India Interviews & Research
Well, it is getting very near the time for me to leave for my 25-day trip to India. Two weeks to go! View my itinerary here. I’m very excited, for many reasons. First, I am so excited to return to India – a place that has become near and dear to my heart, and which I love completely. Second, I cannot wait to see “my kids” again – Santosh, Daina, Pinky, Mami, Sumi, Kalpana, Rajakantra, Papuni, Tapas, and so many others. That is the last week of my trip. Third, the first two weeks will be spent traveling to many different places conducting interviews and research for my book. I am really excited about some of the people I’ve gotten to know and the incredible organizations I will visit – including UNICEF, Child Aid India, Richard Gere’s Heroes Project, World Vision, and several organizations that work on AIDS issues. Some of the people and their work are such incredible stories to me, that I cannot wait to tell their stories in my book. I thought I would introduce you to some of the people I am most excited about interviewing:
Anjali Gopalan runs the Naz Foundation, providing community training and education about AIDS, and a Care Home for children who “have nowhere else to go.” Anjali is supported by Richard Gere and his foundation.
Salaam Baalak Trust works with homeless and runaway children who live in Mumbai’s railway stations. The organization was started after Mira Nair made a movie called Salaam Bombay! about these kids. At the time her mother did not even know these kids existed. She was so moved by her daughter’s film that the two of them started Salaam Baalak Trust with proceeds from the movie, providing the railway kids with food, education, and protection from predators.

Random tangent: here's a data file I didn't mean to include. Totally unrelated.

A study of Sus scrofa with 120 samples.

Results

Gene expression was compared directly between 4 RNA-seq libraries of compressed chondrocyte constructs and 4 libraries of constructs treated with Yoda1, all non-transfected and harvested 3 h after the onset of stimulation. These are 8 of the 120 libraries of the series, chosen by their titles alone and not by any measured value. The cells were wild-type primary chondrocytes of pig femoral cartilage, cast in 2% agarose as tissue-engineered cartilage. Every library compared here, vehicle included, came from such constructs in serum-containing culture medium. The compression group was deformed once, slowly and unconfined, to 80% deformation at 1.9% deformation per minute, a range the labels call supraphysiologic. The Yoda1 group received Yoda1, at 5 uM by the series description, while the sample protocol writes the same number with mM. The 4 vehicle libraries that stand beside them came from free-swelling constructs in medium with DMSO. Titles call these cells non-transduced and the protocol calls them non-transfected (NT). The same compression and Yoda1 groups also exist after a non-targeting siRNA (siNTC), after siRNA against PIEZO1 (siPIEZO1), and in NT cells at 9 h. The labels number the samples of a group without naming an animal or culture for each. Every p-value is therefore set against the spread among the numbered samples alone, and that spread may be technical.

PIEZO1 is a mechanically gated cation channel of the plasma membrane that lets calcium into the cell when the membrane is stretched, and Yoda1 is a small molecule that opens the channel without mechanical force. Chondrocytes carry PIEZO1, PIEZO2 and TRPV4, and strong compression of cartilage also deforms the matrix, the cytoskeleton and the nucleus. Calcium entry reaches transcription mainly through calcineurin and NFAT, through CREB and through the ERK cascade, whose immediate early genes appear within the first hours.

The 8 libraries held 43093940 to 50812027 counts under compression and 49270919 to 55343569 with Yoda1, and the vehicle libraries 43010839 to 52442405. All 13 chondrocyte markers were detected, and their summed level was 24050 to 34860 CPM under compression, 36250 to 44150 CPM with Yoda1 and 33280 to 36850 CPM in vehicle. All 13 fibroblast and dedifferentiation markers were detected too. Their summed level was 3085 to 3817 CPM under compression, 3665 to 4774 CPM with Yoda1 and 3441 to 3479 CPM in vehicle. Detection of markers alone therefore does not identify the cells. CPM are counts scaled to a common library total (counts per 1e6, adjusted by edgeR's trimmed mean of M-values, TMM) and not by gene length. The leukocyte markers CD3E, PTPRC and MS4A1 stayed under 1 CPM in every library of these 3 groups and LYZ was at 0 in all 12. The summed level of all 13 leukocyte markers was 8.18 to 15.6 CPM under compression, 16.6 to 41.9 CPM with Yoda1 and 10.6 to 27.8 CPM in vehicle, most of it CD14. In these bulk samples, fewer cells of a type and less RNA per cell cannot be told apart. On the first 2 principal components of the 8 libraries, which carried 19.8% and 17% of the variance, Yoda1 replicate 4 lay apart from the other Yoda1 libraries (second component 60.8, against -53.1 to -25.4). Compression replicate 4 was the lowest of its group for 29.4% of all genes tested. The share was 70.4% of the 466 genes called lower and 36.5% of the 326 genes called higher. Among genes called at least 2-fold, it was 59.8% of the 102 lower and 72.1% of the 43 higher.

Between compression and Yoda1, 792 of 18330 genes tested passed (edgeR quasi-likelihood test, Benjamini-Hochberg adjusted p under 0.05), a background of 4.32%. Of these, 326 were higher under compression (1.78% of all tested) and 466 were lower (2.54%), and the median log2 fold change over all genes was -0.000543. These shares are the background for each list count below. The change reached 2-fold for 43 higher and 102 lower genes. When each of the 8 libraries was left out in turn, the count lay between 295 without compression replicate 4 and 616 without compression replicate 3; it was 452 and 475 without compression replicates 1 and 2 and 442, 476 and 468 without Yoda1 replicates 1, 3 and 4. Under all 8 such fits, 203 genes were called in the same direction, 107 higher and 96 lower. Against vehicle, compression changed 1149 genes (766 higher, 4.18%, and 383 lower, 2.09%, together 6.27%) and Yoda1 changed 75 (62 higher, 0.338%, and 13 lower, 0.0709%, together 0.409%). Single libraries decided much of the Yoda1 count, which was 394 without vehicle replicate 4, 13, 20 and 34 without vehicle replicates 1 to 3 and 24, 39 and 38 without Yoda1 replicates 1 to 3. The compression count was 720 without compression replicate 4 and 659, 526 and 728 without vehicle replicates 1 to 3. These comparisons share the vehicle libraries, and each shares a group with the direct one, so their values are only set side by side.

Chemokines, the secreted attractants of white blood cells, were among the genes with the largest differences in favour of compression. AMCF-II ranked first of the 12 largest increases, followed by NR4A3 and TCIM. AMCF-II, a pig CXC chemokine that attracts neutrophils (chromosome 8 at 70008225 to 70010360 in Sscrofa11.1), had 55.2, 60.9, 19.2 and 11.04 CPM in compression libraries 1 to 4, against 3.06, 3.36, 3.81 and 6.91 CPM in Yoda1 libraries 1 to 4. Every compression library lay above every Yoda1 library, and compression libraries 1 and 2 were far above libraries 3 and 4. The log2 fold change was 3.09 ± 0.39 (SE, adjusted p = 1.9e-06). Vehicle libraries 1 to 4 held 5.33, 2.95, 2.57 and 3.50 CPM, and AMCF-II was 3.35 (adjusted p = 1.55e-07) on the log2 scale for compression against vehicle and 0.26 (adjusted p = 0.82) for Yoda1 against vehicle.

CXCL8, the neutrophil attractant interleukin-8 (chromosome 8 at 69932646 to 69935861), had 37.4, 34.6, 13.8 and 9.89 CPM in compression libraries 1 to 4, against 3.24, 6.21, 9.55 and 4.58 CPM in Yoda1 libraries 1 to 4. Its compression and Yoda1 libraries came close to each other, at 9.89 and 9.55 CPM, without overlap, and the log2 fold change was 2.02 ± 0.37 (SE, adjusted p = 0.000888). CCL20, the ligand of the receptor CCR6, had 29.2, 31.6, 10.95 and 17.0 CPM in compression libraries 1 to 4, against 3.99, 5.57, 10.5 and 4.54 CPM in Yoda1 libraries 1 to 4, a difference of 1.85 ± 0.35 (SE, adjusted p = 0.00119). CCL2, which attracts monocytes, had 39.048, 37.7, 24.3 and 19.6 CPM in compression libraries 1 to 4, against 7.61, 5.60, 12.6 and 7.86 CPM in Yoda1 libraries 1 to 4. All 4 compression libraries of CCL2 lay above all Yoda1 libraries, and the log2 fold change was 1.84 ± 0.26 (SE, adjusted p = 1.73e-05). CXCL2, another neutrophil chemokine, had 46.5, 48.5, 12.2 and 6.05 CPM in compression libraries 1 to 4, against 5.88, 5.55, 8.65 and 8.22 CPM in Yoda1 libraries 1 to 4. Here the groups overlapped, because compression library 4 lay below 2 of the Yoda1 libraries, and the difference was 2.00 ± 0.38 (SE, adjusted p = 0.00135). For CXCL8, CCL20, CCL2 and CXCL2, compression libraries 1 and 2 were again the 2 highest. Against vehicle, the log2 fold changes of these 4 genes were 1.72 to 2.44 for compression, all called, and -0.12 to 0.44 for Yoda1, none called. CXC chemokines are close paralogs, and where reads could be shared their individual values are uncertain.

Swapan Mukherjee runs an organization called CCD which rescues kids out of slave labor. He rescued a boy named Sahiful Mondal from child slavery some years ago, who went on to make an award-winning film about his experiences at the age of 13! Read this amazing story here.
I will visit an orphanage for AIDS children called Little HEARTS home. This home is run by Prasanna Kumar, who also conducts AIDS training in the state of Andhra Pradesh. Throughout India, HIV-positive children – and even negative children who retain the stigma of AIDS because their parents died of it – are being kicked out of schools and orphanages, and doctors refuse to treat them. The stigma is very great, especially in the rural areas. Prasanna has created a home for the few children he can afford to take in, but can take in many more with funding. I have donated money for them to build bathrooms for the children – pictured below. I’m very excited to finally meet Prasanna and his children!